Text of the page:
I recently watched the final debate of William Buckley’s Firing Line, filmed in 1999. Firing Line, and perhaps this farewell episode in particular, demonstrates a level of companionship and vigor that we rarely see in public debate in the United States. But even with this in mind, it also demonstrates a fundamental problem with debates: Debates are too adversarial to explore nuance, leading to simplified solutions and misunderstandings of the problem at hand. Complicated problems sometimes need complicated solutions, and a debate will always miss this. I want to focus on one small exchange in this episode that typifies this problem.
Firing Line debates are formal and focused on a particular resolution. In this episode, the resolution is “the federal government should not impose a tax on electronic commerce.” We will focus on an exchange between Senator Wyden and Professor Fox on this issue. Senator Wyden’s opening statement begins here. The exchange itself begins here.
Reading from a prepared sheet, senator Wyden announces:
In a survey of 1,500 mainstreet business districts nationwide, 74% have gone online since 1997. Because of that, many small businesses that had been on the verge of collapse, threatened by mega malls, retail giants, and mail order companies, are now thriving, and economically depressed towns that had been losing population are now growing.
After a few moments of back-and-forth, Professor Fox raises his main objection:
Senator, I’m sure that you’re aware that 75% of the internet activity that takes place occurs within just 50 firms, so the notion that this is broadening out to large numbers of firms is simply inconsistent with the facts of the situation.
Senator Wyden retorts:
So you’re saying that the ABC study of 1,500 mainstreet districts is wrong? I think it’s clear.
Professor Fox clarifies his position, but the issue is dropped for time.
Before explaining what went wrong here, let’s hit the theoretical problem. Debate is, at its core, a method to uncover truth. You present your points, I try to refute them, then we exchange roles. This is supposed to work like a crucible for contrasting ideas. The stronger argument will convince the audience, taking us one step closer to discovering the “truth,” or “right answer.”
The problem is that debate can only paint in broad strokes. Given two ideas, it can vote for one or the other. It cannot blend two together. For example, what if your point is comprised of five or six smaller points? If I take your main point, do I have to take the smaller ones as well? What if I changed your mind on one of those points? Can we modify our positions or reach a compromise? In a debate, the answer to these questions is always the most restrictive possible. You must take all of the smaller points, we cannot explore them in detail, and we certainly cannot modify our positions. In short, debate can never say “you’re both right.”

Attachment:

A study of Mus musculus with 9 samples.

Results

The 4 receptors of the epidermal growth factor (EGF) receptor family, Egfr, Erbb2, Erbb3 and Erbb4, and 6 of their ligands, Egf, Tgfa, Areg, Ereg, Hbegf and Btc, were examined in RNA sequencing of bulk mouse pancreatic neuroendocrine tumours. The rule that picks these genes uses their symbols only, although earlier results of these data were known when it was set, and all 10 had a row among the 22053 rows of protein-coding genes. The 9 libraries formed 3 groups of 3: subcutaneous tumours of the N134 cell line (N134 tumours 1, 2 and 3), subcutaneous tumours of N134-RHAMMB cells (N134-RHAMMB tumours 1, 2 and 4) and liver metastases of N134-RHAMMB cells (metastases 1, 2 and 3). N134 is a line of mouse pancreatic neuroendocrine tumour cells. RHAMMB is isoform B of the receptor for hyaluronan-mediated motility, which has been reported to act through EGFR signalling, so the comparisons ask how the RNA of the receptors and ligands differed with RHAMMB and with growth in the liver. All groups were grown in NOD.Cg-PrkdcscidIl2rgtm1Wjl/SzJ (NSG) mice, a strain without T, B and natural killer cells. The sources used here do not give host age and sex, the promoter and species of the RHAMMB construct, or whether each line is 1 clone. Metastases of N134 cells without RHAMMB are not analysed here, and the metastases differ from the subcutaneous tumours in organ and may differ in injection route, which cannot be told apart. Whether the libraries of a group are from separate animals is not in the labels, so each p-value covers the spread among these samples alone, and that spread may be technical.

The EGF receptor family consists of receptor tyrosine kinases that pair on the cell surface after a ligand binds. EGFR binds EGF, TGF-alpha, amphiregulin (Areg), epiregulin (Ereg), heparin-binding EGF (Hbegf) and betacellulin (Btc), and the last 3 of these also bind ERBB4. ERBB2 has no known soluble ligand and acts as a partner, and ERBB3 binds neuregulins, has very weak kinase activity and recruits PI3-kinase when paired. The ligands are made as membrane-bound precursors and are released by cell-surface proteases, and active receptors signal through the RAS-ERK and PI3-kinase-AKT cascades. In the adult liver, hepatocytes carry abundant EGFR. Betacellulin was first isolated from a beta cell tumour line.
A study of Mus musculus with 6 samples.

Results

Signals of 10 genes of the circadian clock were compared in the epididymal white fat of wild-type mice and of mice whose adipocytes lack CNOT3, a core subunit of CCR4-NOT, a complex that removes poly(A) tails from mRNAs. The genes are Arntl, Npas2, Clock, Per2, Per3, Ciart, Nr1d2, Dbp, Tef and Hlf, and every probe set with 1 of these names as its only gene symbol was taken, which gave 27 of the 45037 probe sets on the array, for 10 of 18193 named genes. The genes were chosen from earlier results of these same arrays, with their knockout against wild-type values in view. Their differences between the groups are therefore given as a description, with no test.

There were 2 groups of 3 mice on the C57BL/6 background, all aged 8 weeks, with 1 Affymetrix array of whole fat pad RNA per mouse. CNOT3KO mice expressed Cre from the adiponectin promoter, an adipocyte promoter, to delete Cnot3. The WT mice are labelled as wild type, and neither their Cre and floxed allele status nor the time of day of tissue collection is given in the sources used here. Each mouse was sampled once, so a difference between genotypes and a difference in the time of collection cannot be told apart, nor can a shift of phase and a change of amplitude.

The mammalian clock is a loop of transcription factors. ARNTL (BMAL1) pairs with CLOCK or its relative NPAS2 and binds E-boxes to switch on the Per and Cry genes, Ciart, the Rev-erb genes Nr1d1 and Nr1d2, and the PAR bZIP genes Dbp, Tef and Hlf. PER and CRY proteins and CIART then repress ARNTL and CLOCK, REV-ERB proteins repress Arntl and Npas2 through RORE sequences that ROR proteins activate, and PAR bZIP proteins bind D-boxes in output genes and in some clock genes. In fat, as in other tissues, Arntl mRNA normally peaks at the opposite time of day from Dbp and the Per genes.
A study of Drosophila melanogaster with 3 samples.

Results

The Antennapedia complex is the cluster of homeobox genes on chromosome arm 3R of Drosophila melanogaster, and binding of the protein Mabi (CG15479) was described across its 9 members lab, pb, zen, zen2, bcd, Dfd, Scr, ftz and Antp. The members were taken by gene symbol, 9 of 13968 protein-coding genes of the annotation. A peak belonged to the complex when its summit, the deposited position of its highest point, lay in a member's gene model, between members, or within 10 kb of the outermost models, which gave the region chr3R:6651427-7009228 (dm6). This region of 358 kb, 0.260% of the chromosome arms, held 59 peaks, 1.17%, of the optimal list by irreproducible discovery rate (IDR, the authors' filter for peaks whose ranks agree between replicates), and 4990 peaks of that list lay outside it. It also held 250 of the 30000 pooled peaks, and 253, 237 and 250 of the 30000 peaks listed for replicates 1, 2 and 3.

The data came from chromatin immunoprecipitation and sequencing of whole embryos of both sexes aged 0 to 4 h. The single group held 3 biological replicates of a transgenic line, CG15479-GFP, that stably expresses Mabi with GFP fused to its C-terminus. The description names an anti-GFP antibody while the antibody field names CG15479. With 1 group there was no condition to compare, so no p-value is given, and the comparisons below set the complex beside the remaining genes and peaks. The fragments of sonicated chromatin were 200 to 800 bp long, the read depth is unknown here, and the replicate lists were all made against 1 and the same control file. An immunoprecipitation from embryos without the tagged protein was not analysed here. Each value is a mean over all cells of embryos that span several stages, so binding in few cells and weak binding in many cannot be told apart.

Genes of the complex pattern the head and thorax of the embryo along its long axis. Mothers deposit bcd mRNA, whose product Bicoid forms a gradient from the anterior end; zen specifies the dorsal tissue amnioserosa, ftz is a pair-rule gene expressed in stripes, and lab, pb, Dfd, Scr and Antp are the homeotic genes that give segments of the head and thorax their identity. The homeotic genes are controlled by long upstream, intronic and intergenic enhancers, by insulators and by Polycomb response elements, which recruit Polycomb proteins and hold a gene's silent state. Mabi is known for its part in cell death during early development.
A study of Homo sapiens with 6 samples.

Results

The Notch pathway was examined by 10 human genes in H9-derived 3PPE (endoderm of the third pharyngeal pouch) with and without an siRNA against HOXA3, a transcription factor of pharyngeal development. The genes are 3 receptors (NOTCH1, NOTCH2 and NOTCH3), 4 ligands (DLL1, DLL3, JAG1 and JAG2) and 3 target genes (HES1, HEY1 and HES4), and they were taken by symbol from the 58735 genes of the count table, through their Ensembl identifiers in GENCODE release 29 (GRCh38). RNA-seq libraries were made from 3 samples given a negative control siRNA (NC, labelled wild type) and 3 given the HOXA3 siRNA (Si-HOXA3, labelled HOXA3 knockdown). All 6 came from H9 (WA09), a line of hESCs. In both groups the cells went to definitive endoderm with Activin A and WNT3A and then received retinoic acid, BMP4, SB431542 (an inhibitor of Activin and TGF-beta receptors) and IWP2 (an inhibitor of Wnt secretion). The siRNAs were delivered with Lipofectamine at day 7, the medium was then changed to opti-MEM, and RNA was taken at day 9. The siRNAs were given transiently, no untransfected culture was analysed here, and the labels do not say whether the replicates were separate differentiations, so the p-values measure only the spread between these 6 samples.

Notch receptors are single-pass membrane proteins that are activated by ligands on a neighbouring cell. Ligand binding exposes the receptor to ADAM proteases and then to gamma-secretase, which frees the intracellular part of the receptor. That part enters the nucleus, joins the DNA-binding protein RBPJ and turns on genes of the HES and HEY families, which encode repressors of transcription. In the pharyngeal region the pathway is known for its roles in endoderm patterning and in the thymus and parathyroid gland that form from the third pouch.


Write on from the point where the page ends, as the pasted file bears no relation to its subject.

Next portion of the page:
Let me summarize the exchange between Wyden and Fox:
Wyden: I care about the success of small businesses, and 74% of business have adopted internet commerce.
Fox: The adoption rate does not equal the success rate, and there is good evidence that the success rate is much lower than 74%.
Wyden: My evidence is foolproof. If you doubt my position, then you doubt my foolproof evidence, therefore you are wrong.
If Wyden’s concerns for the little guy are genuine, then Fox’s objection should cause concern. Maybe the internet isn’t as good for small businesses as we thought! We should talk about it more a find out what we mean by “good for small businesses.” Is the “success rate” what we care about? If so, how do owe measure it? What rate is “good enough”? Whatever the case, the “truth” must clearly take these questions into consideration. If the men were interested in devising a real solution and actually understanding the issue, then they would have stopped to discuss these points. But because Wyden and Fox are in a debate, they are only interested in winning. Wyden makes an objection that completely misunderstands Fox’s point, and the two never return to the subject. The nuance is lost.
It is a travesty to lose valuable discussions because of a bad format. Had Fox and Wyden been interested in conversing, we would have been privy to a much more interesting conversation. We would have seen real disagreement and progress towards understanding. Instead, they had to read from their prepared sheets and hope that their argument pandered to the audience enough to win.
Avoiding this problem is a major benefit of longer, less structured discussions. Podcasts sometimes have great examples of these conversations “in the wild.” Shows like the Joe Rogan Experience and Making Sense with Sam Harris successfully cover a pretty wide variety of topics in depth because there is no pressure to “win.” There is only a conversation to be had. You can’t dodge questions and you can’t appeal to an audience—you’re just having a “regular” conversation. These feel closer in spirit to a Socratic dialogue than any public debate I’ve ever seen.